Did the tide just change? Yesterday, we detailed The Wall Street Journal's extraordinary claims that The FBI hid a mole in the Trump campaign and the ongoing debacle playing out between House Intel Committee Chairman Devin Nunes (R-CA), the Department of Justice, and the Mueller investigation concerning a cache of intelligence that Deputy Attorney General Rod Rosenstein refuses to hand over.
And tonight, The Wall Street Journal again dares to publish an op-ed from a 33-year veteran of The FBI who reflects on the debacle above, proclaiming his "shock" at the disrespect being shown to Congress...
"When I was at the bureau, lawmakers’ requests for information got prompt responses..."
As Thomas Baker exclaims "it truly is a change in culture."
Last week we learned that some Republican members of Congress are considering articles of impeachment against Deputy Attorney General Rod Rosenstein if he doesn’t hand over certain Federal Bureau of Investigation documents. In January, House Speaker Paul Ryan had to threaten the deputy attorney general and FBI Director Christopher Wray with contempt to get them to comply with a House subpoena for documents about the Steele dossier.
I spent 33 years in the FBI, including several working in the Office of Congressional and Public Affairs. The recent deterioration in the bureau’s relationship with Congress is shocking. It truly is a change in culture.
Former Directors William Webster (1978-87) and Louis Freeh (1993-2001) insisted that the FBI respond promptly to any congressional request. In those days a congressional committee didn’t need a subpoena to get information from the FBI. Yes, we were particularly responsive to the appropriations committees, which are key to the bureau’s funding. But my colleagues and I shared a general sense that responding to congressional requests was the right thing to do.
The bureau’s leaders often reminded us of Congress’s legitimate oversight role. This was particularly true of the so-called Gang of Eight, which was created by statute to ensure the existence of a secure vehicle through which congressional leaders could be briefed on the most sensitive counterintelligence or terrorism investigations.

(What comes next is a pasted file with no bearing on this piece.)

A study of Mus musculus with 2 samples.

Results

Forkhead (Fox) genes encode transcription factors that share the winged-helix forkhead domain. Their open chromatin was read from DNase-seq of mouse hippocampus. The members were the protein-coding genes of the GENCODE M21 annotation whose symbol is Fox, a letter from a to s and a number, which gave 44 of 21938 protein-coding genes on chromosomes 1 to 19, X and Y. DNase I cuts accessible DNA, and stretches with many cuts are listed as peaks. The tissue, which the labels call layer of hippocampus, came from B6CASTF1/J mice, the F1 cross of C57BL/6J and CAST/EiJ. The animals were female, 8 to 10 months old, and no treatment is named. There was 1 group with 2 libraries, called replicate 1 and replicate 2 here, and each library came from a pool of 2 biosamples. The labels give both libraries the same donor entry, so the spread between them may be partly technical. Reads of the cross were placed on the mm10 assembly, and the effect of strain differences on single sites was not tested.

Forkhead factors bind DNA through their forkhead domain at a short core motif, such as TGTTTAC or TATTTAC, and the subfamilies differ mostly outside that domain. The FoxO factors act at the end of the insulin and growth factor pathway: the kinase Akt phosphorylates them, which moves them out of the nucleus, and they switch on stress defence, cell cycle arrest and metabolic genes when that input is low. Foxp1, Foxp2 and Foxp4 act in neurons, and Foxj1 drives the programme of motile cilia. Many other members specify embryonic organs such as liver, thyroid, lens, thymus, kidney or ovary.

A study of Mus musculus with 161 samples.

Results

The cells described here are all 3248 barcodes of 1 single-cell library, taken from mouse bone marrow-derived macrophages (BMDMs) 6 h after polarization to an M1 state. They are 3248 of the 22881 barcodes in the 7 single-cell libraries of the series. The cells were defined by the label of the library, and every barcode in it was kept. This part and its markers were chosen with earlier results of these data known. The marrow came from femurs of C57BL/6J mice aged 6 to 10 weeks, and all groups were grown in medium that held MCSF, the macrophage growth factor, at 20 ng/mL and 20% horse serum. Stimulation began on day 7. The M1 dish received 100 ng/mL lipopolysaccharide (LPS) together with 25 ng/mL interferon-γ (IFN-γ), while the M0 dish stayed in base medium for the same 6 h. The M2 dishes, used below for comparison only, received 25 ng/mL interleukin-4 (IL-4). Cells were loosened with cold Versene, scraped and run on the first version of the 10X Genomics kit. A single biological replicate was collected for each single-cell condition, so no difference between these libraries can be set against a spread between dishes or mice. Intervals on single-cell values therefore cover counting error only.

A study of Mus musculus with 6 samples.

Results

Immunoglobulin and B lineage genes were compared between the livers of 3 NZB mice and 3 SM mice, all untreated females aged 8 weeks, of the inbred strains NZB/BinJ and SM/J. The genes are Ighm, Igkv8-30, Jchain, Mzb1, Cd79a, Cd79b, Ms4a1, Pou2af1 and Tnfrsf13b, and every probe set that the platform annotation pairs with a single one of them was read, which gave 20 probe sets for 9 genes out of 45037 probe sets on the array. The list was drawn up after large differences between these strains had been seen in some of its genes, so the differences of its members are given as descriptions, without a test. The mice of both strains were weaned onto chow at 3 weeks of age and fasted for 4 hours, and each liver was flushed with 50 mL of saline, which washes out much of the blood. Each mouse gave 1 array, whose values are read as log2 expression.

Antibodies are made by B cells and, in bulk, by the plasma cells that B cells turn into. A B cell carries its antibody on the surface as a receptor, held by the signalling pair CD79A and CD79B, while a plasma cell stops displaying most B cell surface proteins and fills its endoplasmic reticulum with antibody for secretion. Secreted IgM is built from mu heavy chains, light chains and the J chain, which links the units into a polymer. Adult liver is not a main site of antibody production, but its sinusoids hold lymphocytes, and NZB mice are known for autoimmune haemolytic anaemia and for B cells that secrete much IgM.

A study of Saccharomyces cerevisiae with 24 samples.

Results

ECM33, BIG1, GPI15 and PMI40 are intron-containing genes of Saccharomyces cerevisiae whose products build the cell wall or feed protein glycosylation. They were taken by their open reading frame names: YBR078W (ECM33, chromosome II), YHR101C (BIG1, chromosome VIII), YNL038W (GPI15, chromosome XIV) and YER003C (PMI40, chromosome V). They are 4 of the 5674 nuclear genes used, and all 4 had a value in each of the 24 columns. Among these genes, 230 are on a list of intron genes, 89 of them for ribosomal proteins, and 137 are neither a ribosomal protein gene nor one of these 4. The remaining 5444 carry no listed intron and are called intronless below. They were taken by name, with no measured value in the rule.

On Aug. 27, House Intelligence Committee Chairman Devin Nunes asked the FBI to deliver certain documents immediately. The bulk of the documents weren’t actually delivered until Jan. 11. I can’t imagine Mr. Webster or Mr. Freeh tolerating such a delay. One of the documents Mr. Nunes requested is the electronic communication believed to have initiated the counterintelligence investigation of Donald Trump in July 2016. The FBI had previously provided a redacted text of that communication, but the Intelligence Committee wanted to see more.
On March 23 the bureau essentially told the committee it wouldn’t lift the redactions. There are legitimate reasons why the FBI would want certain portions of a sensitive document redacted, such as when information comes from a foreign partner. But there are ways around such difficulties. Select members of Congress have in the past been allowed to read highly sensitive documents under specific restrictions.
Former FBI Director James Comey didn’t even inform the Gang of Eight that the bureau had opened a counterintelligence investigation into the campaign of a major-party candidate for president. He testified on March 20, 2017, that he had kept Congress in the dark about the Trump investigation because he’d been advised to do so by his assistant director of counterintelligence—due to “the sensitivity of the matter.”
The Gang of Eight exists for precisely this purpose. Not using it is inexplicable.
This isn’t the way a law-enforcement agency should behave under our system of separation of powers.
Attorney General Jeff Sessions must push Mr. Wray to get the FBI’s relationship with Congress back on track. It won’t be easy, but the American people deserve it and the Constitution demands it.
One wonders how long before Mr. Baker - a retired FBI special agent and legal attaché - is 'probed' for being a puppet of Putin? Or when The Wall Street Journal will be 'investigated' for 'something... anything' just to slow their roll a little on this anti-establishment tilt they seem to have taken. Either way, for now, it is a refreshing change to read some common sense.